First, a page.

If you thought Russia’s presidential election was going to be held in March 2018, you were wrong. The voting began today.
In an authoritarian system, elections aren’t about who wins or loses on election day. Modern dictators spend the short years between election cycles fighting battles over their legitimacy – hounding potential opponents, reining in the media, burnishing their public image – as though every day could be their last, for the simple reason that, when elections aren’t truly competitive, every day could be their last. To boost his chances of surviving from one election to another, an autocrat must always look able not only to win an at the ballot box each and every day, but to do so convincingly. Otherwise, the almost magical belief in infallibility and invincibility that sustains their rule can evaporate in an instant.
That’s why what happened in Russia today is so important. Some 60,000 people came out into the streets not only in Moscow and St. Petersburg, but in dozens of cities right across the country. Ostensibly, they came out to protest corruption, spurred on both by Alexey Navalny’s investigation of Prime Minister Dmitry Medvedev, and by Medvedev’s decision to ignore that investigation. In reality, however, they came for Putin, and they declared their votes.
If the protesters pulled no punches, neither did the state. In Moscow alone, between 700 and 1,000 were arrested, including Navalny. The leader of the Moscow branch of Navalny’s Party of Progress, Nikolay Lyaskin, was left with a concussion. The police were somewhat less than picky, detaining minors and Western journalists, as well. But the clearest signal was sent by the decision to raid the office of Navalny’s Anti-Corruption Foundation (FBK), and to arrest its entire staff, and to charge one of its leaders, Leonid Volkov, with inciting extremism.
On the surface, none of this seems to make sense. Why go so hard against Navalny and his supporters, when they pose no electoral threat? Why use truncheons to defend the honor of a prime minister nobody likes? More vexingly, if upwards of 80% of Russians support Putin, how do we explain all of these people who very clearly don’t?
The answer to the last question holds the key to the other two. Upwards of 80% of Russians tell pollsters on a regular basis that they support Putin not because they’re lying or they’re afraid, but because, at the time they were asked the question, they didn’t believe that what happened today was possible. A Russia in which a group of volunteers can put together an investigation of a leading politician that brings tens of thousands of people into the streets all across the country – and in so doing lends credence to a possible presidential campaign – is not the country in which 80% of Russians thought they were living. They thought they were living in a country where there were no alternatives, and thus no choices to be made, a country in which society could not be pushed to act on its own behalf, in which solidarity extends no further than rhetoric.
Imagination matters in politics. When dealing with the past and the present, we can hope to rely on fact (though we too rarely succeed in doing so). The future, however, is always imagined. What happened today demonstrated the imagination watershed in Russia, between those who cannot imagine a future much better than today, and those who can. That’s why the Kremlin went hard at Navalny and the protesters today: to restore the confidence of the unimaginative.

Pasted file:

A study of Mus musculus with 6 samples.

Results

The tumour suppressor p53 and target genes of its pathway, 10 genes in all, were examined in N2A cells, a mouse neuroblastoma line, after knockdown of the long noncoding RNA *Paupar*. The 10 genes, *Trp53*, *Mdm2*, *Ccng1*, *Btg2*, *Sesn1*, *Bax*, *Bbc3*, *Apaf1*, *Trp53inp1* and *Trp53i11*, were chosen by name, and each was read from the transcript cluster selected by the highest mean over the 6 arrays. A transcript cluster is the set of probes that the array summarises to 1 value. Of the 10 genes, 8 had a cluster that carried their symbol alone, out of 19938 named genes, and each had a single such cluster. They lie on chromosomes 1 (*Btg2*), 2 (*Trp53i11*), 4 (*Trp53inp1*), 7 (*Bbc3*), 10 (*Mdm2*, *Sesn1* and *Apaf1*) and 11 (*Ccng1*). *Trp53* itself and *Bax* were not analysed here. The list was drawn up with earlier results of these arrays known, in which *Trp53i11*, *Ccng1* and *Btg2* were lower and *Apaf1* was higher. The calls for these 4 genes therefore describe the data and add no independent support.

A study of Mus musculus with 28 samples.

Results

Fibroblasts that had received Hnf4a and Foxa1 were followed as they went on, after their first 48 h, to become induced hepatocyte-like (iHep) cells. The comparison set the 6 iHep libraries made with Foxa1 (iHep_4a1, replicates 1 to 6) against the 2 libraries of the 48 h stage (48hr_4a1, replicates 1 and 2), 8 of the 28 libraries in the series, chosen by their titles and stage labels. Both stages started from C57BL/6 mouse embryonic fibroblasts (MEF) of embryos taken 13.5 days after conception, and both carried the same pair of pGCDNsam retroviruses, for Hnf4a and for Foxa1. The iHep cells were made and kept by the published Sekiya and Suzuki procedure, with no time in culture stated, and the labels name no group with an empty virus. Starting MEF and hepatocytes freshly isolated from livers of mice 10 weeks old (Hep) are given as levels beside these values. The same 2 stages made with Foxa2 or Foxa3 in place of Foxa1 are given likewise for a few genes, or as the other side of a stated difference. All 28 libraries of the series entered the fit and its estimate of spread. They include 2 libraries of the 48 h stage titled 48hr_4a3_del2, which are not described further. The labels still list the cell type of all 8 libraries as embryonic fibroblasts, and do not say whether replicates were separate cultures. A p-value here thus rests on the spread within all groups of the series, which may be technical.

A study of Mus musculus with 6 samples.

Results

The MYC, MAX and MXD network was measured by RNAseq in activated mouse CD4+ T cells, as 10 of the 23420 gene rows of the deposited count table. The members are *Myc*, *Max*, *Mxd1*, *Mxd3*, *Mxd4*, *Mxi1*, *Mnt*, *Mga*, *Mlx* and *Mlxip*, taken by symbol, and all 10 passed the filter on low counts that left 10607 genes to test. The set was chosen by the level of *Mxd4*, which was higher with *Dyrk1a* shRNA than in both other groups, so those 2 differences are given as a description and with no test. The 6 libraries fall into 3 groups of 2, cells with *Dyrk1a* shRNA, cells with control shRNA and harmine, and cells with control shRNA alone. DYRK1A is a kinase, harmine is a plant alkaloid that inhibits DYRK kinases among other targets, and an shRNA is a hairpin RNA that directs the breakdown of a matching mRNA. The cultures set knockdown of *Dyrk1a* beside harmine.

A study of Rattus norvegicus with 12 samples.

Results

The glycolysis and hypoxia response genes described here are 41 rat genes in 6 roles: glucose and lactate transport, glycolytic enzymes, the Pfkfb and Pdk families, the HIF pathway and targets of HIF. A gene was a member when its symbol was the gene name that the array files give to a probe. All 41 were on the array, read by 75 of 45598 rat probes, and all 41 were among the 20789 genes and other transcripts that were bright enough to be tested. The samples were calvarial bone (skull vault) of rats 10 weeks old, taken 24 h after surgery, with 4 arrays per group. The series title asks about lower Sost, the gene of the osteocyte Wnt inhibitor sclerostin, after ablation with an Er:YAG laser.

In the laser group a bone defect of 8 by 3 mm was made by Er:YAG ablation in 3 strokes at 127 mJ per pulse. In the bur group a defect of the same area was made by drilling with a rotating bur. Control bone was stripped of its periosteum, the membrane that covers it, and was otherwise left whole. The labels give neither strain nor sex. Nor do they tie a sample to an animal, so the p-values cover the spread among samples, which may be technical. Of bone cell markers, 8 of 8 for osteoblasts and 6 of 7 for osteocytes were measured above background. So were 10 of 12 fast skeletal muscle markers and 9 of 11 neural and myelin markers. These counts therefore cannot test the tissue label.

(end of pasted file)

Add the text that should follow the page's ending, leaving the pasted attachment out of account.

If the Kremlin pays attention to Facebook – and I imagine that it does – then they may have noticed something written by the writer and linguist Gasan Gusejnov after returning from the protests in Moscow:
“Not a single familiar face,” he said. Contrast that to the Bolotnaya protests of 2011-12, or the peace march of 2014, or the marches in memory of Boris Nemtsov, when everyone was surrounded by friends. That friends should share a common imagination is not surprising; indeed, it’s to be expected. What was exciting to today’s protesters – and what must be frightening to the Kremlin – is how easily imagination might slip the bonds of friendship and spread, like a virus, through the population. How easily imagination infects a crowd, a city, a country. And how ineffective the vaccines.
That’s why so many people are in jail, and why a media blackout was enforced so broadly that the news of the protests didn’t even register in the Yandex aggregator. That’s why the Kremlin had to go for the jugular with Navalny’s organization. And that’s why it is loath to sacrifice Medvedev. The dormant imaginations of the 80% must not be roused.
But for the Kremlin, the medicine may yet prove more harmful than the disease. In going so hard against today’s protests – and in pressing the case against Navalny and his comrades in the days, weeks and months to come – the Kremlin sends the message that victory next March is not, in fact, in hand. In admitting to its own sense of vulnerability, the Kremlin does more than embolden its detractors: it dismays its allies. In pushing so mightily against a future that seems so hard to imagine, the Kremlin makes the task of imagination easier.
I do not know whether this is the game that Navalny et al have sought to play from the beginning. It is not beyond the realm of possibility that, figuring an electoral victory next March to be impossible, Navalny set out to beat Putin long before the election is ever held, to draw him into a fight in the streets, where the odds might be a bit more even. Likewise, I cannot know whether Putin himself has decided to try to slay his dragons in advance. But regardless of intent, this is the game both sides are now playing. Unusually for Russian politics, the outcome is uncertain.